Eagle Cam 2018: So far, no sign of a third egg

A screen shot from the Eagle Cam shows the two bald eagles in the nest late last week – one incubating two eggs that were laid recently.

A nest full of snow – and full-grown adult bald eagles – made it difficult to tell for sure.

But according to the Minnesota DNR, there are two eggs in the Eagle Cam nest, located somewhere in St. Paul.

And, sure enough, when the adult eagles took a rare break from the nest late Friday afternoon, Feb. 23, there they were.

According to a DNR news release Friday, the first egg came at 1:15 p.m. Monday, Feb. 19 and the second sometime Thursday, Feb. 22. In the release, the DNR said this female is the same one that has been documented at the nest the last six years, and that she has laid three eggs every year since 2013. So, the agency continued, another egg could arrive at anytime, possibly over the weekend (this was the latest the eggs have come in those six years).

However, after another round of snow over the weekend, it was difficult to tell if there was a third egg in the nest – both eagles were taking a break from the nest again Monday afternoon, Feb. 26, but with the snow forming a sort of bowl around where the adult eagles were taking turns incubating the eggs in the center of the nest, only the tops of two eggs were still visible.

The two eggs were visible as the adult eagles took a rare break from the nest late Friday afternoon.

According to the DNR, bald eagle eggs weight about 4.4 ounces and are approximately 2.9 inches long and 2.2 inches wide. In that first year in 2013, the nest failed and the eggs didn’t hatch (they reportedly were laid the first week of January – by far the earliest of the six years). But since then, 10 eaglets have been successfully raised and fledged from the nest, the DNR said, adding that the incubation period is 35 to 37 days.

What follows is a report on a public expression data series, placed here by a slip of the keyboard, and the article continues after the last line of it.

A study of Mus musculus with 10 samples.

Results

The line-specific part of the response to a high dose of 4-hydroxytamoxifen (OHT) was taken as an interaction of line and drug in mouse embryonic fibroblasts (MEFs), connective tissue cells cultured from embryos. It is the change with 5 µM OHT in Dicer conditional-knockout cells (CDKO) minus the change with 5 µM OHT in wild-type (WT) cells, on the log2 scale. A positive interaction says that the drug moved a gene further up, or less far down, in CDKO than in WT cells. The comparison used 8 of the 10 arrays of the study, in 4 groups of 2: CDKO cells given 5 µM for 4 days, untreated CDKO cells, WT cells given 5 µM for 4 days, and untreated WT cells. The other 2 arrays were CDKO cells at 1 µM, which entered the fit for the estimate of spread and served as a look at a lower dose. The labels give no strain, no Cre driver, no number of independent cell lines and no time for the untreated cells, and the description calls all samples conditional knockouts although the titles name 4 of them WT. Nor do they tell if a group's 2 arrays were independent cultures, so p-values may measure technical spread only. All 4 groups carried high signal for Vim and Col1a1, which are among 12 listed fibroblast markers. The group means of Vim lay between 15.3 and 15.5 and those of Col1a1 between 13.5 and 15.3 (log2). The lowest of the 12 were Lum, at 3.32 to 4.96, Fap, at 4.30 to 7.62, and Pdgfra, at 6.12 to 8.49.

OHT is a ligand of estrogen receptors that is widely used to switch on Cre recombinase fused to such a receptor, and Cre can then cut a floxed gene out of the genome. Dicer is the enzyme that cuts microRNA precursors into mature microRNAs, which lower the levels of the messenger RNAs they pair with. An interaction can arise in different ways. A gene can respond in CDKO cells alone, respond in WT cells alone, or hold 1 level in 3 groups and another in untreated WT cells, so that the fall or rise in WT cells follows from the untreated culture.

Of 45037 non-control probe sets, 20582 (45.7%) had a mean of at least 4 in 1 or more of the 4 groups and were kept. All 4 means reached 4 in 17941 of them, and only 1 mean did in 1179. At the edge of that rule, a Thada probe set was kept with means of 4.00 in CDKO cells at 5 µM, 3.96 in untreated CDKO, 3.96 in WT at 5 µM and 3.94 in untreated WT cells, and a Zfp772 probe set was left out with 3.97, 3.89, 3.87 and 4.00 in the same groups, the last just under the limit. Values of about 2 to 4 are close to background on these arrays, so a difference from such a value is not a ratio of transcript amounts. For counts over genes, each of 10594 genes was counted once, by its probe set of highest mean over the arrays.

To view the Eagle Cam, click here. The camera that, for the previous five years had been streaming live video from the nest, stopped working last spring. But thanks to donations and work by the agency, a new camera was installed on a different branch of the same tree overlooking the same nest as in previous years, the DNR said in December 2017.

The new camera is reportedly an upgrade: It’s high-definition and features infrared imaging for nighttime viewing. It also includes a microphone, a first at the nest, but the mic has been faulty and isn’t currently operational. It will be replaced when the chicks are banded this spring, the DNR said, as it’s too late in the season to disturb the nest now.